Are you Getting Fresh with Me?

Displaying something exotic on the bar opens up your guests' eyes to all of the possibilities, and allows you to show off what your capable of working with!

Displaying something exotic on the bar opens up your guests' eyes to all of the possibilities, and allows you to show off what your capable of working with!

The kitchen and the bar have always had a peaceful coexistence and freshness has always been a key ingredient to the success of any kitchen. The same is quickly becoming true as consumers are demanding the same fresh, handcrafted care from their mixologist as they do from their chefs. It’s rare to find a bar chef who can take the principles of traditional mixology, and synergize them with fresh ingredients to create cocktails that take your dining and drinking experience to a new level.

Bar chef Rob Montgomery of Toronto’s Vertical Restaurant imports fresh ingredients from all over the world to give his guests an unparalleled cocktail experience. He agrees that when creating cocktails, it was all about balance. With deep roots in the kitchen, many of the principles of Rob’s cocktails come from culinary applications, but a real passion for service and synergy is what sets him apart. “I like to use fresh and seasonal ingredients when I’m creating a cocktail for my guests, our kitchen prepares seasonal dishes, and our bar program is no different,” he says. “Often, having fresh dragon fruit, key limes, lychees, loquat, or rambutans in plain view sparks a conversation and inspires a you to try something you other wise might not have.” “Keep it simple, do it right, all it takes is a little effort on our part and the results are phenomenal,” says Montgomery. Product knowledge is fundamental to any great bar chef. Knowing the principles of cocktail synergy can help turn an average bartender into a great mixologist. Each element in the illustration below plays a part in the drink’s taste, and ultimately guest satisfaction. With this philosophy in mind you can easily start pairing cocktails with the food on the menu, much like the way we’ve traditionally matched wine and beer with food.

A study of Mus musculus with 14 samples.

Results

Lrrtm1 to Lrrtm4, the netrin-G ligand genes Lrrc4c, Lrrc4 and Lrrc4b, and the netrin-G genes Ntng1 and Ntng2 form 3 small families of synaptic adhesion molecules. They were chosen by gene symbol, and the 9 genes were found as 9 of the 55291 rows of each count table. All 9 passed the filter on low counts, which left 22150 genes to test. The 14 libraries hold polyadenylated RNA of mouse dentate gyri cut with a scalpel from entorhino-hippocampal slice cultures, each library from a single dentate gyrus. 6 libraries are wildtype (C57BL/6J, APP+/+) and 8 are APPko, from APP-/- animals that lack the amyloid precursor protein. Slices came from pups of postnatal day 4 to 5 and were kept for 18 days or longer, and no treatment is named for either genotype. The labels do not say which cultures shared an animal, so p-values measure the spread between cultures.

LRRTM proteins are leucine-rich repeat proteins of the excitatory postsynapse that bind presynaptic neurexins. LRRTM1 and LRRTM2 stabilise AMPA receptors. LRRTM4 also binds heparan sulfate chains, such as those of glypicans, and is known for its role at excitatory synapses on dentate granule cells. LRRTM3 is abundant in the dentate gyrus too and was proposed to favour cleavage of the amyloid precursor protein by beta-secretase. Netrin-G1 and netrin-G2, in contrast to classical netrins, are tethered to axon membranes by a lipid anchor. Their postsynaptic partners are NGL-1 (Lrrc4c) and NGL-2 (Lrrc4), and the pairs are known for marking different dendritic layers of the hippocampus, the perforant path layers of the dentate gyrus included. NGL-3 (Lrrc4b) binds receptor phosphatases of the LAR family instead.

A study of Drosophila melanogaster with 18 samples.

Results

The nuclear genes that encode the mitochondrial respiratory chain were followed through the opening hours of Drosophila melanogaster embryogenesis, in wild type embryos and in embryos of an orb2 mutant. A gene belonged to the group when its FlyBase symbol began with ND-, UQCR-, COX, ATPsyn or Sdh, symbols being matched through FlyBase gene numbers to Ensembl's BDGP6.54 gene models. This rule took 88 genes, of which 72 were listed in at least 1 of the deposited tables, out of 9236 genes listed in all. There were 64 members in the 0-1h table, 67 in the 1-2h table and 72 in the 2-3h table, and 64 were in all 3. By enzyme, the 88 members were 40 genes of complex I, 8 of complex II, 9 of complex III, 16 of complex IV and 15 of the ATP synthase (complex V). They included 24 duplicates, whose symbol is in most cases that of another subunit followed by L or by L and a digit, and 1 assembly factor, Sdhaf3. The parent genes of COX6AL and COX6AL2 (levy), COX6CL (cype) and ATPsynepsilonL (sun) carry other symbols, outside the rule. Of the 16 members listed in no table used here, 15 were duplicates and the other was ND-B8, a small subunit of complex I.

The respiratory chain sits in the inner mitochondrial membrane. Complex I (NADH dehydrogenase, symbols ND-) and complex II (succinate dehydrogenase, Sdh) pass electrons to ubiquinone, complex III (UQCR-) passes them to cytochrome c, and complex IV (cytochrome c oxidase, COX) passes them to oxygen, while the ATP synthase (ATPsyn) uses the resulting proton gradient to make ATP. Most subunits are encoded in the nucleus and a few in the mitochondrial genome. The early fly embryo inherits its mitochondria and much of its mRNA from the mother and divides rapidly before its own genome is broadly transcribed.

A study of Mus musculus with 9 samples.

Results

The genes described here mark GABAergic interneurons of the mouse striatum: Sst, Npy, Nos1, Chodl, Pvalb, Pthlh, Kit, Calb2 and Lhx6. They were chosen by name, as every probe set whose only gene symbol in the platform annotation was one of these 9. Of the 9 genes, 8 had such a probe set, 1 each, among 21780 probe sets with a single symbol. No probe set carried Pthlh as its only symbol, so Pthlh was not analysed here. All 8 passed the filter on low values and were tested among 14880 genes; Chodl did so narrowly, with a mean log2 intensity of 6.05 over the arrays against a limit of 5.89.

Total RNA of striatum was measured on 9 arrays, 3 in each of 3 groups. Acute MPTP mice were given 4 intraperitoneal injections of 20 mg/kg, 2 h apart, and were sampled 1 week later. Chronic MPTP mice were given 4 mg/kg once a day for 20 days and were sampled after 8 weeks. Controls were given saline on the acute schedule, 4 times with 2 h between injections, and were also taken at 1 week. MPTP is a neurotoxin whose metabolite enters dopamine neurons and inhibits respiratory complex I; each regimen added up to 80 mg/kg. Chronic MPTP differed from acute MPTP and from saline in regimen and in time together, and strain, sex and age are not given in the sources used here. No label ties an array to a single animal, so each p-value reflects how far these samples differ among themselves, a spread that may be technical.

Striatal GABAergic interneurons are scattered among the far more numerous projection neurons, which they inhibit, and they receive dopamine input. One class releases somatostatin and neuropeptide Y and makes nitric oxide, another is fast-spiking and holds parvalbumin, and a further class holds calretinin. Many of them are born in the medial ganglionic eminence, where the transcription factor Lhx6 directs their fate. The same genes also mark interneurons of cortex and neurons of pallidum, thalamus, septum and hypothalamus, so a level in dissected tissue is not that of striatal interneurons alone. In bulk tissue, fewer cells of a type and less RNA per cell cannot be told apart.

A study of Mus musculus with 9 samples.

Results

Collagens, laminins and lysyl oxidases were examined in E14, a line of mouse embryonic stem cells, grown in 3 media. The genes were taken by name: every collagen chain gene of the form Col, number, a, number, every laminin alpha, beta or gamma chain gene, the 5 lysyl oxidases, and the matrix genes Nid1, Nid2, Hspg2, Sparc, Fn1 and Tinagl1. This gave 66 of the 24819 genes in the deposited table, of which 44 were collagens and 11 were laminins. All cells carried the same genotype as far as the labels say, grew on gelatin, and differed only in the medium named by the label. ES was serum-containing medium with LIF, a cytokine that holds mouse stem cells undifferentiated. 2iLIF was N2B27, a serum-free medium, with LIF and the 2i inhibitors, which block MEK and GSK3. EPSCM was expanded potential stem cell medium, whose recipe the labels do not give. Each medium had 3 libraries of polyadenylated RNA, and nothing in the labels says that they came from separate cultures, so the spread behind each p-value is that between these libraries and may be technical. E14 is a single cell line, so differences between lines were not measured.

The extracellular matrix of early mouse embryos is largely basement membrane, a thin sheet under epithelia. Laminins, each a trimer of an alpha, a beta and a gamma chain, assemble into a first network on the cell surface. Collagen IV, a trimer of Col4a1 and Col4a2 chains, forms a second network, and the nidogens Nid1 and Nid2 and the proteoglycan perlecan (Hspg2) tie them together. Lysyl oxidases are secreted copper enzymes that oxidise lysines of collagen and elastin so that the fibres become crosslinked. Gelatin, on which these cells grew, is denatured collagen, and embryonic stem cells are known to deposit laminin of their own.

Pairing wine with food is not a new principle, but according to Niagara wine consultant James Gaade, the traditional rules of thumb i.e. pairing red wines with red meats and white wine with chicken or fish have been replaced with the concept that the weight of the wine is paired with the weight of the food. “Light reds like a Gamay are great with swordfish, and a full bodied Chardonnay can really complement a lighter meat dish like a beef stir fry.” The idea is that your food doesn’t overpower your wine or vice versa. Montgomery agrees and adds that using the principles of synergy you can use a sweeter white wine like a Reisling or Gewurztraminer to smooth the flavours of spicy ethnic foods, or a spicier red like a peppery Shiraz to kick the spice up a notch. It just depends whether you’re trying to complement or contrast your dish.

Kevin Healy of the Labatt Institute has some thoughts on pairing beer with food too! It’s not just about drinking Ocktoberfest beer with a fine link of German Bratwurst. Most lagers are lighter bodied beers and will complement a lighter meal such as mild flavoured seafood or game. Ales, on the other hand, are more full bodied and will complement heavier dishes like steak or ribs.

Given that cocktails often have higher margins than beer or wine, having cocktail suggestions for menu items is not such a crazy notion after all. As a mixologist, you want to use the drink to enhance the food experience, keep in mind the following rules when pairing.

Light bodied beers, like lagers, light bodied wines, and sweet and light cocktails will complement light dishes.

Heavier Ales, Spicy, full bodied wines like a Shiraz or Cabernet Sauvignon, or cocktails like a Manhattan, Caipirinha or Caesar will pair well with heavier meat or pork dishes.

Being trained on the products you are serving is paramount to the success of any bar program. Culinary schools spend years teaching their students how to create custom dishes, however, few establishments demand the same level of commitment and bartender training from their mixologists. I encourage experimentation (always in moderation) with the products on the bar. There are so many great products out there, and so many guests waiting to be inspired. Until next month, keep Raising the Bar, because if you don’t, someone else will!